If you have been hurt, or you are sick, you might not be able to work. While applying for disability may be your only option, it's important to understand that you will have to wait for disability benefits if you are applying to the social security administration. If you are not covered under any short term disability policy, or you are not covered under workers compensation, you may have difficulty meeting your financial needs until you are approved for benefits. If you have been denied benefits, or your waiting period isn't over, you need to meet with an attorney to talk about your options.
When You Are Deemed Disabled
Even when the social security administration determines that you are disabled and entitled to benefits, these benefits don't start until your sixth month of disability. What this means is that you do not receive benefits the first five months of your disability, regardless of a lack of money to support yourself. If you have cancer, for example, that goes into remission after four months, your disability timeline starts over. If you suddenly relapse, you begin the five month waiting period once again. This can become a tireless loop for an individual that gets better for a few months and then relapses again. You will need the services of a disability attorney to go over your case to see what your options are if this occurs.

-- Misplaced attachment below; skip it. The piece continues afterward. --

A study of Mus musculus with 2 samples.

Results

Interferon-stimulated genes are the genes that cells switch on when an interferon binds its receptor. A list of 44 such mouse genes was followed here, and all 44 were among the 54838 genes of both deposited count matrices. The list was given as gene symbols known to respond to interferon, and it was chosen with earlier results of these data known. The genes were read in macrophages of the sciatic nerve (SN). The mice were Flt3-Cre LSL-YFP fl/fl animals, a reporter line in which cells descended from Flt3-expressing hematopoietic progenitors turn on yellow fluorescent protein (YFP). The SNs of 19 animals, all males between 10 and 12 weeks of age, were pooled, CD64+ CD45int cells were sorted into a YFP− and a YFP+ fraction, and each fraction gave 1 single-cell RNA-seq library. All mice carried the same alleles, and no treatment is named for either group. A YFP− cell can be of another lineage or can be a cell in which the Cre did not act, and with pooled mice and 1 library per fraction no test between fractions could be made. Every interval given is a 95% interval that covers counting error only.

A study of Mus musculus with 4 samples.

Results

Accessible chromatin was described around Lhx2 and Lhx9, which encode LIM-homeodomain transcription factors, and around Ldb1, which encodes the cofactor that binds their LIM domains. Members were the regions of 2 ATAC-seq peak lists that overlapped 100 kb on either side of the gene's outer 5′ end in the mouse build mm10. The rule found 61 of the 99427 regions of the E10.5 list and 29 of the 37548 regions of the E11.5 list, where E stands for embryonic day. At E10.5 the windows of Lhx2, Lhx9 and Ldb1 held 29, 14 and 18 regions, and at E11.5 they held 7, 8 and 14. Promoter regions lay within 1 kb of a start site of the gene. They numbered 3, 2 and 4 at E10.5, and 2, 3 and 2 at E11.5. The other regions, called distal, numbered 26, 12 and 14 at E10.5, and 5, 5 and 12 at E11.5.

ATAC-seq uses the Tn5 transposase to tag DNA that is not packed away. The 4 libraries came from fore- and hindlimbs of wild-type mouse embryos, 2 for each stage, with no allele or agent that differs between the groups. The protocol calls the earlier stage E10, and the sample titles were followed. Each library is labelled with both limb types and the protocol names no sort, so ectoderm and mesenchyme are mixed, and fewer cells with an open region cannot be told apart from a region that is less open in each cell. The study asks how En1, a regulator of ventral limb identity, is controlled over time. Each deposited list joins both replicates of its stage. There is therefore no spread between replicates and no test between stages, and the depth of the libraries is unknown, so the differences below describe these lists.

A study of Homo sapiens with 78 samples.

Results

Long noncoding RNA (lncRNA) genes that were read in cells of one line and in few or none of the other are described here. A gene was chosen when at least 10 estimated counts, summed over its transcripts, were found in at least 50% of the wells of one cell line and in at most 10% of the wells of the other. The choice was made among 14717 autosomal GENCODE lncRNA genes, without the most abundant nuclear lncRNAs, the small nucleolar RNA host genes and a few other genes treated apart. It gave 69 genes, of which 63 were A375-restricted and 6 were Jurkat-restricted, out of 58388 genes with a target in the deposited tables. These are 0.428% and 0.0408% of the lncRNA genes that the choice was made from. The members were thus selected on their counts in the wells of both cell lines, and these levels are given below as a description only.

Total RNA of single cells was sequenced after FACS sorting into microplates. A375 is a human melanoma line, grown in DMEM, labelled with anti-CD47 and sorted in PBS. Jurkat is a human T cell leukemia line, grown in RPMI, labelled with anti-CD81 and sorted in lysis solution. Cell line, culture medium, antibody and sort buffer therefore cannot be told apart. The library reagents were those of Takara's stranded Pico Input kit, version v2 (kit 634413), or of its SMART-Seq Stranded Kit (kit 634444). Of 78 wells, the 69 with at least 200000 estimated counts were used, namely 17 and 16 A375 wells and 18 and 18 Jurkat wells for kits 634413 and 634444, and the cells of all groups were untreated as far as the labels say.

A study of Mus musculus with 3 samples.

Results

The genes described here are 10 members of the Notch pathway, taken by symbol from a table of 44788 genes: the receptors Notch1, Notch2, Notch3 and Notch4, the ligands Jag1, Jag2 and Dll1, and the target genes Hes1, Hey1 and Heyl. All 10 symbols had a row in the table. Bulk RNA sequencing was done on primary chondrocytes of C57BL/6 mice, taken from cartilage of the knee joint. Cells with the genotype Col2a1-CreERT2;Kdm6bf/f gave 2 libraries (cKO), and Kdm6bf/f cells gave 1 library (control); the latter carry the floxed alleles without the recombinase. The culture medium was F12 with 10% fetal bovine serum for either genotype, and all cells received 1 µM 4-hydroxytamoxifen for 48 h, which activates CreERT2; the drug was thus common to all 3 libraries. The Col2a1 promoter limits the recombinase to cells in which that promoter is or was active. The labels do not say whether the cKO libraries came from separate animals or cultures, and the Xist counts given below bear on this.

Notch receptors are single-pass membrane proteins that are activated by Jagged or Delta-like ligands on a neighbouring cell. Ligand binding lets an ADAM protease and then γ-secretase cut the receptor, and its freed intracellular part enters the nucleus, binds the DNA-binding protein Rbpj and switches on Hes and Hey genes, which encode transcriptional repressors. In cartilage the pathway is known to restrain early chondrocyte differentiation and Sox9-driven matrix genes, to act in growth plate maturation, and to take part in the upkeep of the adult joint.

Getting Your Providers on Board with a Disability Claim
As you wait for your claim to be approved, it's important to talk with your treatment providers to ensure that they are in agreement with your application for disability. Your doctors and other treatment providers are going to be the ones filling out the extensive paperwork for the social security administration, and they are essential to the approval process. With your treatment team on board with you receiving benefits, you should have an easier time if you have to appeal a claim that has been denied.
Many people are denied social security disability benefits. In 2010, 34.8% of social security disability applicants were eventually awarded benefits, but many received either technical or medical denials that they had to appeal before they received benefits. If you have been denied benefits, you are not alone. Whether your denial was because paperwork was missing, or you did not meet the medical threshold for benefits, you can appeal your claim with the help of an attorney. Visit an attorney like Bruce K Billman or one from a similar firm for more help and info.